Block is used when you don't have a DEX advantage over your opponent. If the PCs have a higher DEX than the NPCs, Dodge is better because they already have one of the main benefits of Block (acting before their opponents).
I seems like magic skill is at best loosely connected to the ability to access magic. Someone could be a fantastic spellcaster, with no RSR and no Magic Skill, while we could have a researcher who understands the theory but lacks any practical ability. With that in mind, perhaps a skill roll to reflect a greater impediment to accessing the underlying magic is not the best simulation.
Not RAW, I believe, but what about imposing a requirement to make a roll for every spell without tying it to a characteristic? Make the base roll 15-. For most heroic games, that is as easy, or easier, to make as any characteristic roll. Now apply the usual cost for penalizing a skill or char roll to reduce this roll by 1.
So if we have our novice wizard who will only make his skill roll half the time, and our master who does not require a roll at all, and they enter a powerful 11- magic nullification field, 11-. each can access the magic if they make the 11- roll, but the novice still has to make his normal RSR roll to sculpt the magic in the manner he desires, while the greater skill of the master means that, if he can access the magic at all, it will do his will.
I'm heavily on the "It depends on the campaign" side of things.
It also depends on the likely duration based on the the reversal condition. Which makes me consider that reversal conditions should probably be figured somehow into the cost of transformation, but that's a different discussion.
If it's going to be reversed by the end of the session, I'd call it cosmetic in any except a very heavy role-playing campaign, and maybe only more then, if the characters have reason to believe it's long-term or permanent.
So, let's assume it's long-term or effectively permanent.
For a game where where non-combat time and role-playing are important, and this is take seriously at all, then this is at minimum a minor, and more realistically a major transformation. IndianaJoe3 mentions social limitations, but the biggest imposed limitation here is going to be gender dysphoria. That could be written up as a psychological limitation, a social limitation, or a combination. It could also be argued as a physical limitation, but that might be a stretch.
And gender dysphoria is very real, and, depending on the person can be crippling. I, luckily, never had a severe dose of it, but I have friends who have. Bought realistically, the lims involved could easily top 20 or thirty points.
And of course, it wouldn't aways be lims added. For a transgender person who hasn't started transitioning yet, it could easily remove a slough of lims. If they have started transitioning, it would depend on what exactly the transform did to them. If it just goes off your genes, swaps some chromosomes, and rebuilds you, I personally would be fine with it. If it's some metaphysical reversal, where I end up physically a trans guy at the equivalent stage of physical transition, I burn down the world to get the reversal or take pretty savage revenge if it's not possible.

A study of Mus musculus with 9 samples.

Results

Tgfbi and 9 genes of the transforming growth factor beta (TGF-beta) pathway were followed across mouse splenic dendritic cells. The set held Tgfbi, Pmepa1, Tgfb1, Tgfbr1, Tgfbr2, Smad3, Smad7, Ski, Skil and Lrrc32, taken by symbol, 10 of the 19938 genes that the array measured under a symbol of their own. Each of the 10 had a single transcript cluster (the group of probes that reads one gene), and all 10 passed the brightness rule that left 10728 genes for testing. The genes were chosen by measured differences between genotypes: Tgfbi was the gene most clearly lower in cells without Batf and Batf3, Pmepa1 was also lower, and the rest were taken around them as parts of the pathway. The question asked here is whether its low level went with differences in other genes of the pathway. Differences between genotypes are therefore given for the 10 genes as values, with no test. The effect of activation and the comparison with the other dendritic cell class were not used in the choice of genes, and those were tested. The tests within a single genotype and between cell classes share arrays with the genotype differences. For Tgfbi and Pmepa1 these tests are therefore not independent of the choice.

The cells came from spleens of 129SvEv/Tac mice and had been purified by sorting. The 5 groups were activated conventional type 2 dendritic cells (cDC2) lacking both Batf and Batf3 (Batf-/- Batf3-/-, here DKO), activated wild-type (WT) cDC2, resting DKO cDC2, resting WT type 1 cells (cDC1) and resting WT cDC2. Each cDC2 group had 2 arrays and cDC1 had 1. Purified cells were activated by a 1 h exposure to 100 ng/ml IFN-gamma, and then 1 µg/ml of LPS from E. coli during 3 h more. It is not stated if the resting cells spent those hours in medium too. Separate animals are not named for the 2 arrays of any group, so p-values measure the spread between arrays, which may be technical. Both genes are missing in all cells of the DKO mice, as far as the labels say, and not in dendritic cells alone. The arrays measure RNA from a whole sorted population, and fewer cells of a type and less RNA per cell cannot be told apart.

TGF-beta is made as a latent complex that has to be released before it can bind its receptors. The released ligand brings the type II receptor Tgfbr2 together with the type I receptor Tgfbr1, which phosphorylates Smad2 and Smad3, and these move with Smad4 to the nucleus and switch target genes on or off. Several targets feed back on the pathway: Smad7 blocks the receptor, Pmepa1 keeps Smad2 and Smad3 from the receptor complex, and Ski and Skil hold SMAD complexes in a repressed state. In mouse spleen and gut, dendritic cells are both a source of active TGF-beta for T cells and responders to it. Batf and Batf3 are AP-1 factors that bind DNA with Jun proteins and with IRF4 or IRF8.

I'm pretty confident for most non-transgender people, a permanent change would not be a small thing. It would upend their lives and sense of self. Played realistically the affected person would be more like my second reaction above. They would need to find the reversal. It would consume much of their life until they did. So, in a serious, RP heavy campaign, I really see it as a major transform.
To the recognizability issue, that is variable, but generally the change would probably make pretty big differences. For the closest real-world equivalent of a boy-girl gun, hormone replacement therapy (HRT), results vary from, "yeah, she's looks a little more feminine now" to "There's no way that's the same person." Especially with trans women, because a lot of the changes testosterone makes to the body (height, build, facial features), are at to the bone, and thus not as subject to the kind of changes that HRT can make. An actual boy-girl gun wouldn't be subject to those limitations, so, big, big, changes (on average). Anecdotally, recently while grocery shopping, I ran across some people I gamed with for 8-10 hours every week for years, and they didn't recognize me, even when looking straight at me. And I started HRT really late in life and didn't get the full benefits a younger person would have gotten.